Cars lined up at gas stations on Friday night in Lebanon as residents of the Eastern Mediterranean nation braced for an impending strike and fears over possible shortages.
A shortage of US dollars in the country has hit businesses like gas stations especially hard, as they are required to pay for imported fuel in dollars, but are paid by customers in Lebanese pounds.
The lines were gone by Saturday morning, as an agreement was hammered out allowing station owners to pay fuel importers in local currency; in turn, the government said it would guarantee importers a fixed exchange rate for dollars.
The crisis is far from over, however, as doubt grows daily over the local currency’s two decade-old peg to the dollar.
“I guess they found a solution for now. But we don’t know what’s going to happen down the line,” a Total gas station employee in the Mount Lebanon governorate told Asia Times.
While stations are required to sell fuel at the official exchange rate (LBP 1507.5 to $1) set by the central bank, black market rates have been popping up elsewhere.
The employee, who hails from Egypt and converts his salary each month to dollars to send home to his wife and two children, says the conversion rate is slowly creeping up.
“The problem is, we have the same issue in Egypt,” he said bleakly.
No Lebanese allowed
In 1975, the year the Lebanese civil war broke out, the Lebanese pound, often referred to as the lira, was just under 2.25 to the dollar. It spiked multiple times during the course of the conflict, entering a period of hyperinflation in the 1980s, which convinced authorities to peg the national currency to the dollar. It has held at 1,507.5 to $1 since December 1997.
When it comes to simple daily transactions for things like taxi rides and street food, the rate is often simplified at 1,500 to the dollar.
This week, however, black market rates began emerging, with small businesses desperate for dollars and banks anxious to keep conversions at a minimum.
Lebanon’s widespread cash transfer offices, where phone bills can also be paid, have meanwhile started charging a premium for customers wishing to pay in Lebanese pounds, or are refusing them entirely.
One such office in the Metn district, when asked Friday whether customers could still pay in local currency, replied: “Sure, but it’s going to cost you extra.”
For a bill of $70, the attendant said he would charge LBP 107,500 – a black market rate of LBP 1,535.7 to the $1 as compared to 1,507.5.
The difference, in this case was LBP 1,975 ($1.30), or about the price of a shared taxi ride within Beirut.
A money transfer outlet in Beirut, when asked about paying a monthly cell phone bill, said it was no longer accepting local currency at all.
The banking sector meanwhile appears to be trying to prevent its dollar supply from being depleted.
Lebanon resident Vanessa Breeding, a US employee of American University in Beirut with a dual account in Lebanese pounds and US dollars, said she was unable for successive days this month to convert her salary to dollars – normally subject only to a $2,000 per day limit and easily done at any ATM or online.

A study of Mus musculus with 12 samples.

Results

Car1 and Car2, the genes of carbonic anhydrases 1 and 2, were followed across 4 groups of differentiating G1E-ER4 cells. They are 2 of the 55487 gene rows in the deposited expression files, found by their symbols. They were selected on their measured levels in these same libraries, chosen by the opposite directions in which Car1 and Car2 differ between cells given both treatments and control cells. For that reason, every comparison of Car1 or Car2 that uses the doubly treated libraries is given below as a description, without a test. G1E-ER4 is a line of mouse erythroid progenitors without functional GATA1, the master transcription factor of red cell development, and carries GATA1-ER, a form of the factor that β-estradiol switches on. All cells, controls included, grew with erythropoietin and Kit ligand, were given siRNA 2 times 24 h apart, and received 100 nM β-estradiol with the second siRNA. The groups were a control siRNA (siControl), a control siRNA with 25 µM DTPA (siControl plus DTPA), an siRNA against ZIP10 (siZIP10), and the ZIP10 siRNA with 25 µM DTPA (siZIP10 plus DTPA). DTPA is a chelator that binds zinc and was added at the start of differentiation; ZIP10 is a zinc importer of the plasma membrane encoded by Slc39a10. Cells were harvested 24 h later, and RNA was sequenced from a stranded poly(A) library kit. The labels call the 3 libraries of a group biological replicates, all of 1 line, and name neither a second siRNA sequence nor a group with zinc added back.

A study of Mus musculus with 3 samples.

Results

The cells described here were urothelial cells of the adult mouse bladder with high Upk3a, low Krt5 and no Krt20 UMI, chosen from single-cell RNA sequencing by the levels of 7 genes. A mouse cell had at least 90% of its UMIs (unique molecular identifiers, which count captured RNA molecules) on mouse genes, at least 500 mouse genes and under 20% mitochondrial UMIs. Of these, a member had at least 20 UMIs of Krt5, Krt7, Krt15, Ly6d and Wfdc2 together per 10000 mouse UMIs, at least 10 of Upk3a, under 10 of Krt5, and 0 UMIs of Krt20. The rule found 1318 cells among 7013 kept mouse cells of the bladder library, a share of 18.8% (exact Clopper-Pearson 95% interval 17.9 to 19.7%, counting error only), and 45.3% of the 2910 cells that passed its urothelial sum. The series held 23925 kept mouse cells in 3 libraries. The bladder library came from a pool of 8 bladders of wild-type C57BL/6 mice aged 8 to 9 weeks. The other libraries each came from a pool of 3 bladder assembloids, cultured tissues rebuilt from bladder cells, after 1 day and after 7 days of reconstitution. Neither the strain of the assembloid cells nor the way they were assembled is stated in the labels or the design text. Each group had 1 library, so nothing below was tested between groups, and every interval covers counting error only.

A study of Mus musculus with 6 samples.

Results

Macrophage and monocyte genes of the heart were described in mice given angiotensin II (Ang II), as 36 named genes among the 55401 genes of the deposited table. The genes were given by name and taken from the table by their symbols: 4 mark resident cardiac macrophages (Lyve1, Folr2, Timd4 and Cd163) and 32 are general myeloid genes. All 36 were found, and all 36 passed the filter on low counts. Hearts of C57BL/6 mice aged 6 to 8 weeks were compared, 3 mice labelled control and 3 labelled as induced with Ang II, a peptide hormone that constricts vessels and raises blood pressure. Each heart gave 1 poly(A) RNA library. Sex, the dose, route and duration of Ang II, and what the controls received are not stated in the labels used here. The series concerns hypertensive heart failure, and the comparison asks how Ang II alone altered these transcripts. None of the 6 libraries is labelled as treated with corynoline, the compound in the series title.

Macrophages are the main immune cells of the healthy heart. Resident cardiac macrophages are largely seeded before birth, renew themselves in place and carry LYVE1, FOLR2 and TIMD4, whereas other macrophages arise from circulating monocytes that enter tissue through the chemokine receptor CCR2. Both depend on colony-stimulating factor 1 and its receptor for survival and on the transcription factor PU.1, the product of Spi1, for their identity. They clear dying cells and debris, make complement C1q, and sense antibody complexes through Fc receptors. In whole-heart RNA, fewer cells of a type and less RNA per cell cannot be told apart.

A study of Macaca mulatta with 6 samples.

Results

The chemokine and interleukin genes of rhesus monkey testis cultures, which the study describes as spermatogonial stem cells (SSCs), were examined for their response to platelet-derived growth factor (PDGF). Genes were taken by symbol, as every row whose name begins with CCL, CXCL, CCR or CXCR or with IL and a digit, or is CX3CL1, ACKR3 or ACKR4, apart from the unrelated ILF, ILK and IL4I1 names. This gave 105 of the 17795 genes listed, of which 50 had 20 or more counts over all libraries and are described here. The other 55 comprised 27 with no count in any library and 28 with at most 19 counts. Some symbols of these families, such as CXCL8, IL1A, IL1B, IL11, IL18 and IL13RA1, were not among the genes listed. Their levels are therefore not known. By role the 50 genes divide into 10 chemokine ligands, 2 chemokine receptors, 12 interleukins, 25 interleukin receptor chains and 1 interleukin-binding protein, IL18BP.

Finally, a bank teller advised her to try “try after midnight tonight.” She later understood that regardless of her daily limit, the bank had its own limit that was being maxed out.
The American University in Beirut, along with Lebanese American University and Lebanon’s Notre Dame University – this fall semester began denominating tuition fees in dollars, as opposed to the local currency.
While students will still be able to pay in Lebanese pounds, the amount will be subject to the official exchange rate on the given day. Faculty and staff, notably, are still going to be paid in local currency.
In December 2018, reports emerged that approximately 855 billion ($570 million) worth of Lebanese pound deposits had been converted to dollar accounts, suggesting that high net-worth individuals in the know were growing skittish.
The revelation raised fears that Lebanon’s peg to the dollar, consistently upheld as a sacrosanct bedrock of stability, was slipping.
In January, the central bank issued a circular requiring money exchange offices to pay out electronic transfers exclusively in Lebanese pounds, regardless of the original denomination.
The decision sparked anxiety among the 4 million populace – who received remittances worth US$1.2 billion last year alone – that the banks would soon be forced to follow suit.
The central bank quickly clarified that its decision would be limited to non-financial institutions and banks could still honor transfers in dollars.
The banking sector has meanwhile offered steep interest rates to keep clients from converting their accounts to dollars.
Until now, a triangle of mutually assured destruction between Banque du Liban, the banking sector, and the political and business elite has kept Lebanon’s economy afloat. Using a mechanism known as financial engineering, private banks provide the central bank with foreign currencies in exchange for immediate profits in Lebanese pounds.
Global credit rating agency Fitch warned in August that this formula may not hold, downgrading Lebanon from B- to a distress grade of CCC.